By Ella Kohler
Hometown Weekly Intern
Each year, high school seniors both celebrate the end of high school and work to comprehend what that means to them. Through graduation ceremonies, proms, goodbyes to teachers, and a series of lasts (last day, last class, last bell), seniors make peace with the end of this enormous life chapter.
For 2020 seniors, things look a little different. There are no caps thrown in unison, no satin gowns sweeping across Gillette’s dance floor, no front-yard corn-hole games alongside dressed-up friends and extended family. Instead, we deal with a chopped-off, reconfigured, unrecognizable year end. So, our feelings look a little different, too.
Being a 2020 senior means feeling a lot, while also not quite knowing how to feel. When your last day looks like a kitchen table, feels like a computer, and sounds like a teacher cutting in and out with the internet connection, there is little sense of accomplishment or celebration. The day cuts out instantly with an “end call” button.
When the next day happens to be “summer,” which looks strikingly similar to “school,” the question we are asking is, “Now what?” Okay, we kind of finished high school. Now, we kind of have a summer. In a few days, the Rolling Rally is happening — maybe we kind of have a graduation. We must decide what these strange realities mean to us.
As we move through this unusual senior spring, most seniors yearn for a taste of the celebration we so eagerly awaited. Despite the community’s extra efforts and a country full of “Senior Strong” posters, we cannot help but see that nothing but a real, traditional year-end will be enough to completely resolve our grade-wide disappointment.
At the same time, we are forced to realize that many events will not be postponed or adapted. Some parts of the senior experience will simply be cancelled, and some already have been. We will have to swallow the unappetizing truth that, no matter how hard you work and wish for something, you cannot always choose your perfect reality.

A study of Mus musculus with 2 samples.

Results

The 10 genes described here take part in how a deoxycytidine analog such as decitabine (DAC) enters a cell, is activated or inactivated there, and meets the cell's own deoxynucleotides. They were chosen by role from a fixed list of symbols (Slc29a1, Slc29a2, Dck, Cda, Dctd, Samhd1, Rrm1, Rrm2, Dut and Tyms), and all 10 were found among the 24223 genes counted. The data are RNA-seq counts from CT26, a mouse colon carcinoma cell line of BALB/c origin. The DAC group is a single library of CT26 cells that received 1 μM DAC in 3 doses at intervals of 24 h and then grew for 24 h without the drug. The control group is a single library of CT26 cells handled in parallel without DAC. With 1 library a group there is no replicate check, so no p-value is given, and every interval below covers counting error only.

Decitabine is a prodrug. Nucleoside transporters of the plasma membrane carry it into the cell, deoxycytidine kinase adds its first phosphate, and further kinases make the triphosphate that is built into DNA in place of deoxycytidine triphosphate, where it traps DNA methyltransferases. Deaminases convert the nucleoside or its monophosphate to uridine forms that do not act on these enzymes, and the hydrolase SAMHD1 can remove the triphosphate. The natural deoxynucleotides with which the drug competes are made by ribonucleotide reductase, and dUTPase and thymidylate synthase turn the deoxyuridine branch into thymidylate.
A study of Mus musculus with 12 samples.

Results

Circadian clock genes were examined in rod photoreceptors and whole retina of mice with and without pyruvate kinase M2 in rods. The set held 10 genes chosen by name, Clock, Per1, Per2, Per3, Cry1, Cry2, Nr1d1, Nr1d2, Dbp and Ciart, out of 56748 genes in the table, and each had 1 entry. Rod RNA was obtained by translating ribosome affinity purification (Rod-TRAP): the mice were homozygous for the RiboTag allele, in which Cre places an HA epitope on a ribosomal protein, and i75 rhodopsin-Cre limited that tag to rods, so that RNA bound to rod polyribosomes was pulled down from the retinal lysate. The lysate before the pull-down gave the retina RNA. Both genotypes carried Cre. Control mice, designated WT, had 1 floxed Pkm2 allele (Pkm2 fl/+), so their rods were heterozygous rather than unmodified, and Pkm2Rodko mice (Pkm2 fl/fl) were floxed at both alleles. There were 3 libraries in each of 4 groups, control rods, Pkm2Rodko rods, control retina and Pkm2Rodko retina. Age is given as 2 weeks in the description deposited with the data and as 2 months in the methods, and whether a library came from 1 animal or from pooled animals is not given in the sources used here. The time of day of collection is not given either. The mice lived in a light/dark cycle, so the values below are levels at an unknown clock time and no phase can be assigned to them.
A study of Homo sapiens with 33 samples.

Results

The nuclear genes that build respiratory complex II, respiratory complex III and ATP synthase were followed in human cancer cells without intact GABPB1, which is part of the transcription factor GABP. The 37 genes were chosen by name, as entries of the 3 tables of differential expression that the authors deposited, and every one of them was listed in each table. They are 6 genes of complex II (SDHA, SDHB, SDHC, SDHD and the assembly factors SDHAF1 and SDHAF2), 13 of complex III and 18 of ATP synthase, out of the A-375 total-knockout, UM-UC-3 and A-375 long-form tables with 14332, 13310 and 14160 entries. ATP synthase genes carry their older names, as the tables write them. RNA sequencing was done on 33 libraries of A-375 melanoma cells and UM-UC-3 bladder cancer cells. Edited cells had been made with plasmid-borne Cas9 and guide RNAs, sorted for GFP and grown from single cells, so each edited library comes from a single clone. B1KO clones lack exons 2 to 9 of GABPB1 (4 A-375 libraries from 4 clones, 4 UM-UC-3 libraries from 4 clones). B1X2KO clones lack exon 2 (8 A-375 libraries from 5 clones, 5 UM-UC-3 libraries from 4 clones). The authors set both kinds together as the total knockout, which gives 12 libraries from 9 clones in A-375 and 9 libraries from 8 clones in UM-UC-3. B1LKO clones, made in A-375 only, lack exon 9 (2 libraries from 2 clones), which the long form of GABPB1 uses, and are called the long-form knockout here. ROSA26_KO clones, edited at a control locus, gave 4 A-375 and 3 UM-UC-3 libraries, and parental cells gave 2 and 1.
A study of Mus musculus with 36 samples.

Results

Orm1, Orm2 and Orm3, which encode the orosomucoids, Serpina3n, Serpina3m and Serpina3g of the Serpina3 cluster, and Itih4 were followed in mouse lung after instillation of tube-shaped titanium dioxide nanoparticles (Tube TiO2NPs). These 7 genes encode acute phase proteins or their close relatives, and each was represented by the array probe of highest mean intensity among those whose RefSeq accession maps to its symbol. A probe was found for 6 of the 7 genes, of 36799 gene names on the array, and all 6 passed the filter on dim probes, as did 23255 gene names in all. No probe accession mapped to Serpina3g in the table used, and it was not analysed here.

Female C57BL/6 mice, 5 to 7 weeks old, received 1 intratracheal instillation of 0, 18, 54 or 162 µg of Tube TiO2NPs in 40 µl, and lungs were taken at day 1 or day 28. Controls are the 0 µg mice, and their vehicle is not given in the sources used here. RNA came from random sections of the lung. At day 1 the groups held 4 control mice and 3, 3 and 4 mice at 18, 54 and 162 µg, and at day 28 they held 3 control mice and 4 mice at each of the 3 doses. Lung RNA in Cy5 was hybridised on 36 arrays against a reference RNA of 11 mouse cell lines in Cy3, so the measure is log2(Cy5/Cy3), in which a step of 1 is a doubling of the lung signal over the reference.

Beyond the more surface-level disappointment comes the long-term issue of closure. Without clear-cut, official endings, we struggle to wrap our heads around the end of high school. A normal resolution was nonexistent, and lost events only serve to reinforce the feeling that high school never truly ended.
Consequently, at a time during which seniors would usually have said their goodbyes and begun to look forward, we grapple with a foggy ending and an uncertain future. With our minds still waiting for high school to feel complete, we struggle to fully accept the names on our new college tee-shirts as our homes.
Plus, even if we are ready to focus on future college or job plans, we are not sure exactly what these plans will look like amidst the pandemic. We temper our excitement in case the next year contains more distancing and screens than dorms and lecture halls.
Still, we realize that despite these challenges, for many of us, we are the lucky ones. Although we are disappointed, most of us are living comfortably through this crisis. While our sadness is real, a handful of lost events seems a fair price to pay in order to save lives.
So, we are remembering our privilege while longing for the fun we once expected and hoping for the closure we still need. We are wondering if we will ever experience the mix of excitement and finality that graduation usually entails, and we are wondering what to do if the answer is no.
Ultimately, our story is currently overflowing with question marks and disappointments. It is characterized by unspoken goodbyes and events crossed off the calendar. Yet, like our last twelve years together, our story is also full of “we's."
In Medfield, a town where the same group of students travel together from elementary school to high school, our experience is colored by each other. Our peers, more so than our official events, have been the defining force behind the last chapter of our lives.
Now, the pandemic leaves us itching for togetherness, certain that we will appreciate our shared interactions more than ever before. We are a grade given the opportunity to reflect on our lives and experience a new dimension of gratitude.
While our current situation is in many ways not ideal, it is a part of our story that we are living together. With all that we are feeling and not feeling as we navigate our uncertain present and future, we are grounded by this unity.